The adaptive reuse of older buildings has been a reliably popular form of new development in Philadelphia for years, and not just among developers.

1217 Spring Garden St. in Philadelphia

As in many coastal markets, longtime residents of Philly neighborhoods can be difficult to please, which can add time and cost to a project. But working within existing structures rather than tearing down and building new can endear a developer to a neighborhood, reducing friction in the permitting process.

“Reuse is generally favored by the neighborhood, especially if the building in question has cultural significance of some kind,” JBCI Engineers principal Jess Clifford said at Bisnow’s Philly Adaptive Reuse and Repositioning webinar in late November. “The architectural style will fit a neighborhood better than any new construction could fit there, and you might get pushback trying to tear something down that people want to see brought back to life.”

Though some intricate redevelopments could be considered less cost-effective than tearing down and building new, a faster neighborhood approval process can make some of that money back by shortening a project’s lead time, JL Architects founding principal John Lister said.

With its rich industrial history, Philadelphia has provided developers with a deep supply of the most coveted type of property to redevelop into a new use: multistory factories. In neighborhoods like Spring Garden and Kensington, turning a hulking, vacant building into something that brings back vibrancy while acknowledging the area’s past can do more than ease a community’s acceptance of a project.

“There’s pure beauty in preserving these properties, especially when there’s a critical mass of them in the neighborhood where we’re working; that’s irreplaceable,” Arts & Crafts Holdings general partner Craig Grossman said. “Preserving that, shining a light on those buildings and the neighborhood, there’s real value in doing that. And there’s a strong market of potential tenants out there that’s looking for this type of product.”

As with all developments taking place in residential neighborhoods, an adaptive reuse project benefits when the community is brought to the table earlier in the planning process, panelists agreed. In addition to the likelihood that earlier involvement will result in a less contentious process, speaking directly to residents adds a level of understanding beyond what census tract and location-based data, no matter how granular, can provide.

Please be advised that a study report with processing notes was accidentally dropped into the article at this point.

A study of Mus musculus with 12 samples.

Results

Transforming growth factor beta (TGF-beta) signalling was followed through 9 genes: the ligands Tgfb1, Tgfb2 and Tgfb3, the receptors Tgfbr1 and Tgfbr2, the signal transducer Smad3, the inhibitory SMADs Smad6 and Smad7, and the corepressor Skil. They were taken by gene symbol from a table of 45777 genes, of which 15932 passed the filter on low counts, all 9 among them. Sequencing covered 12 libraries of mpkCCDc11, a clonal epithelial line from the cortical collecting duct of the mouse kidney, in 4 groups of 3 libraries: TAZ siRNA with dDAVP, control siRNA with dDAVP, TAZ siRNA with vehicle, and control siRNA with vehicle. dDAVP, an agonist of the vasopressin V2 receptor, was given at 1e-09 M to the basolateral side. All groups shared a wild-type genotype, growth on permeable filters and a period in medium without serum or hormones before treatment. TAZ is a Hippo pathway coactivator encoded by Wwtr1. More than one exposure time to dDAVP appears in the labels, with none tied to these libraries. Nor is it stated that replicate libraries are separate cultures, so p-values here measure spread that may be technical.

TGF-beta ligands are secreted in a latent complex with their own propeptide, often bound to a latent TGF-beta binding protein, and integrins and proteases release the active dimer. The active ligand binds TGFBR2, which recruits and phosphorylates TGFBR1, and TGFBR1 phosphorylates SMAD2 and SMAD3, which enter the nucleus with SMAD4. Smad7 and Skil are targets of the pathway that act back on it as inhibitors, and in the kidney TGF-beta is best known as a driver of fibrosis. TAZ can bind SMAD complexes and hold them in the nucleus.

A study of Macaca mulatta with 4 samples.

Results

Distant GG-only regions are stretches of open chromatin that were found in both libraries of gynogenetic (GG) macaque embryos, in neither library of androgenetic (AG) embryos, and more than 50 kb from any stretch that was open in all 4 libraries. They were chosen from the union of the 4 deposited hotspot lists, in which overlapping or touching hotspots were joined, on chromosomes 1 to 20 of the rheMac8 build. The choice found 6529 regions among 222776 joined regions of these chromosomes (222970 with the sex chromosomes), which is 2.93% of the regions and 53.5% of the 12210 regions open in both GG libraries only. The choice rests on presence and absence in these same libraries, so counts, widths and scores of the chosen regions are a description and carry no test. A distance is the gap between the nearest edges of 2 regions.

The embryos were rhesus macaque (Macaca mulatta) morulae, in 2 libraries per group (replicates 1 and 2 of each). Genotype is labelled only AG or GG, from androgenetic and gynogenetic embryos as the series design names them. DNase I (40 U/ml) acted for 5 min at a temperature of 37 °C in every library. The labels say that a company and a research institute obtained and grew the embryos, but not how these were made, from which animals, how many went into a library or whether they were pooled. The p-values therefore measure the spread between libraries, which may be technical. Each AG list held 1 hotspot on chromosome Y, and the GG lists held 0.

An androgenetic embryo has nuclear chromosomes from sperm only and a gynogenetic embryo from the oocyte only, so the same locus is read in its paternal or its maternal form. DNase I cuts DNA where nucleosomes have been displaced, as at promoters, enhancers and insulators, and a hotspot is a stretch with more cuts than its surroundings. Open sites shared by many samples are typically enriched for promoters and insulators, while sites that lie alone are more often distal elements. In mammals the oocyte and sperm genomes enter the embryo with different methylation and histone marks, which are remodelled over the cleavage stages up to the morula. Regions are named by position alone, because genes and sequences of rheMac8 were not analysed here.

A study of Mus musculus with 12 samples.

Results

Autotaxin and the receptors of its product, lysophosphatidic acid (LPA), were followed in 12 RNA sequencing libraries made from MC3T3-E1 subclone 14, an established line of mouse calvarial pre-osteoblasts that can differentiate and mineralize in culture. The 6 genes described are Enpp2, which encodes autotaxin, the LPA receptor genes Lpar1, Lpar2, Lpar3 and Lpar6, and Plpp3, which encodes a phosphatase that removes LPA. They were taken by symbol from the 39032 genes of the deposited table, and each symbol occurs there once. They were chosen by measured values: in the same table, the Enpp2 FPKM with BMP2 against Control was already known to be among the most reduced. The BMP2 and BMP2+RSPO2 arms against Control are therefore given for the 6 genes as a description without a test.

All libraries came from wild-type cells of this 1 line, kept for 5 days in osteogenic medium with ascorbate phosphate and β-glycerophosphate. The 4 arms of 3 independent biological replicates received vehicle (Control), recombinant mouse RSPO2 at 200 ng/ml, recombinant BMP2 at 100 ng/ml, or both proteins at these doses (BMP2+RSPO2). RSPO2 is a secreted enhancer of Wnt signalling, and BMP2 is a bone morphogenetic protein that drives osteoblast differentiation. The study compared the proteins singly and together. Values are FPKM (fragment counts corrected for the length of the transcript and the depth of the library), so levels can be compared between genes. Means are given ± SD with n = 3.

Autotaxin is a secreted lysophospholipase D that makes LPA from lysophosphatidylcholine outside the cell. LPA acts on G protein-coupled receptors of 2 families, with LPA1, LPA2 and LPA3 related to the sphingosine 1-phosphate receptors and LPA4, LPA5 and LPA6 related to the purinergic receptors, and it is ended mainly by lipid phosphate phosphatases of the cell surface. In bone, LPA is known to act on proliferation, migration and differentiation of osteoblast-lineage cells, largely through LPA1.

Clockwise from top left: Shift Capital's Tony Ewing, JBCI Engineers' Jess Clifford, Bisnow's Brian Kinslow, JL Architects' John Lister and Arts & Crafts Developers' Craig Grossman

Such understanding can reveal surprising benefits, as Shift Capital principal Tony Ewing found out when his company consulted local registered community organizations on what to do with the Beury Building on North Broad Street, locally popular for the infamous graffiti high up on its walls. Shift was considering different ways to build a multifamily project with a commercial ground floor when the possibility of a hotel arose from conversations with representatives from the RCOs.

“It still is somewhat progressive to think about a hotel in that particular section [of the city], but the neighborhood reacted so positively that we signed a letter of intent with Marriott to build a Courtyard hotel,” Ewing said. “That was before the pandemic, and since that hit the hotel industry, things have stalled a bit, but that choice was a direct reaction to the community’s response and what it said it would support.”

The nature of the conversation between a developer and a neighborhood may have been changed forever as part of the explosion of awareness regarding systemic racism that began with the protests of George Floyd’s death at the hands of police in late May. For impact-focused developers like Shift, it only added urgency to a well-known issue.

“If nothing else, it has shined a light on the need for us to keep doing what we’re doing,” Ewing said. “I’d say intentionality is [the word for] how we’re looking at our jobs at Shift, to make sure what we’re doing is impactful. [The pandemic] has made it harder for sure, but we’re now talking about these issues more readily and more freely and have expanded our common vocabulary to talk more about equity and impact.”